Nursing home fire victims remembered | Herald Sun

 

FRIENDS and relatives of the 11 elderly people who perished in in a nursing home fire have gathered in Sydney's west to mark the first anniversary of their deaths.

A CEREMONY HAS BEEN HELD IN SYDNEY TO MARK A YEAR SINCE 11 PEOPLE DIED IN A NURSING HOME FIRE. AAP

Three elderly residents died during the inferno and a further eight died from injuries afterwards.

About 100 victims, relatives and rescuers involved in the Quakers Hill Nursing Home blaze gathered for a memorial service at a local Anglican church on Sunday.

The multi-denomination service started at 6am (AEDT) to mark the moment the final survivor was brought out of the burning building on November 18 last year.

Chantelle Kelly, whose grandfather was badly injured in the blaze, said the pain had continued for those who were left behind.

“One of the biggest struggles in this experience has been coming to terms with the loss of life on that day,” she told the service.

“My grandfather just kept saying, 'I miss my friend.'”

The churchgoers then paused to remember those who died and to relive the scenes of devastation.

The Reverend Geoff Bates, who led the service of about 100 people, said the impacts of the blaze had been far reaching.

Outside the church, he said the fire had had a devastating impact on a great number of people.

“There are people who are still in hospital, there are people who have had their life shortened because of it, people have lost their jobs because the nursing home no longer exists, they have lost family and friends,” he told Macquarie Radio.

“Where do we start? It's huge.”

Parishoners from the Anglican church were among the first to offer help on the day of the tragedy, with the church itself transformed into an evacuation centre.

The nursing home residents were covered in soot, disorientated, and often in pain when they were evacuated from the burning building.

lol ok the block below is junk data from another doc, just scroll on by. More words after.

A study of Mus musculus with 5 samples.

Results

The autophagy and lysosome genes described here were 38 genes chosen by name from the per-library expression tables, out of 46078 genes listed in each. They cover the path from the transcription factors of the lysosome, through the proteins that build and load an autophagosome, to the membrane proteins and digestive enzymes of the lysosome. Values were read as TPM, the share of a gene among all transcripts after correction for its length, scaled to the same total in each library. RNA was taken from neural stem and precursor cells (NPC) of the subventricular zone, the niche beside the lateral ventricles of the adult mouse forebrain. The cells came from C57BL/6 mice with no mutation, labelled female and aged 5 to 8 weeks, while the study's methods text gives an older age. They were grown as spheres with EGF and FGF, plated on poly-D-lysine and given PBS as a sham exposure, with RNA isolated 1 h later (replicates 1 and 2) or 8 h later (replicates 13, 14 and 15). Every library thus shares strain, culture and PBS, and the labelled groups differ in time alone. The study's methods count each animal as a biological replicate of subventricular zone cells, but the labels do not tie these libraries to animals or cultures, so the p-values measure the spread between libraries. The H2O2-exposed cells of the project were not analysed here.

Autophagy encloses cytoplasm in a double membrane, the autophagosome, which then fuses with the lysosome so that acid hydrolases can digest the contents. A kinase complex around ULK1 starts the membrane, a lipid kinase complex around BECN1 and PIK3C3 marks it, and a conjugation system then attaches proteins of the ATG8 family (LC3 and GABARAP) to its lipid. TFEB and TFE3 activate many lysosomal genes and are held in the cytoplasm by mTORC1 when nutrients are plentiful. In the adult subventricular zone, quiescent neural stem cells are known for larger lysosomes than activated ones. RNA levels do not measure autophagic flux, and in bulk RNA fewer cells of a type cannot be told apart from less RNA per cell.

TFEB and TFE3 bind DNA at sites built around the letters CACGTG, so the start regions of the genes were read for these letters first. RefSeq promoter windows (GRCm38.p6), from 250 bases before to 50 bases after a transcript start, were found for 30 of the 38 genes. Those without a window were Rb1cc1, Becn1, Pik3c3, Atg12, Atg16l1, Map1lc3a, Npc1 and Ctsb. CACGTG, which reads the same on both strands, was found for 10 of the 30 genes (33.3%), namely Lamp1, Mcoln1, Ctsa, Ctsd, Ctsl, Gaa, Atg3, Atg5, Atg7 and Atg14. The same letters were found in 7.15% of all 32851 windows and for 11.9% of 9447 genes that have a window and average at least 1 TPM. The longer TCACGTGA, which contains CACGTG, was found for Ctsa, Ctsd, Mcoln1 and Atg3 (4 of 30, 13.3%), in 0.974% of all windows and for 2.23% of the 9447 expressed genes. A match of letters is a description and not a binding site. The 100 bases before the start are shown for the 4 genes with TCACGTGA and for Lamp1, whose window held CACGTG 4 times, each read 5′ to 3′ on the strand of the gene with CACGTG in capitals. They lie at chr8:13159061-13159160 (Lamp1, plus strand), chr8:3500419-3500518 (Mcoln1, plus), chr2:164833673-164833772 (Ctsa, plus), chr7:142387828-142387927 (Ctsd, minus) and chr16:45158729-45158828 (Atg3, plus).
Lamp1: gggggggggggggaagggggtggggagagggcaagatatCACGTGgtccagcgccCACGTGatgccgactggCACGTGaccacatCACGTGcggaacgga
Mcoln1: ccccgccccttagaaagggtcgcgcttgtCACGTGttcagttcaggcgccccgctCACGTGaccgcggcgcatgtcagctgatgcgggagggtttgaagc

They were fed, kept warm and comforted in the church before being moved to hospitals or other nursing homes around Sydney.

Roger Dean, who worked as a nurse at the home, has pleaded not guilty to murdering the 11 people who died in the fire.

Dean has also pleaded not guilty to eight charges of recklessly causing grievous bodily harm to a further eight residents.

 

About Darin Sullivan (1969 Articles)
President of the Fire Brigade Employees’ Union and a professional firefighter with more than 25 years’ experience. I live and work on the NSW South Coast, Australia. I am a strong advocate for firefighters and emergency service workers with an interest in mental health issues and caring for those around me. I am a Director on the NSW Fire Brigades Death and Disability Super Fund and work with charities including ‘The Movember Foundation’. As a leader and activist I have long been active in the campaign for action on climate change. I am a Station Commander in the fire and rescue service in NSW and have 30 years experience fighting fires, both rural and urban. I am passionate about highlighting the impact climate change is having on fire preparedness and fire behaviour in Australia, and the risks associated with inaction on climate change. I am also a spokesperson for the Australian Climate Media Centre.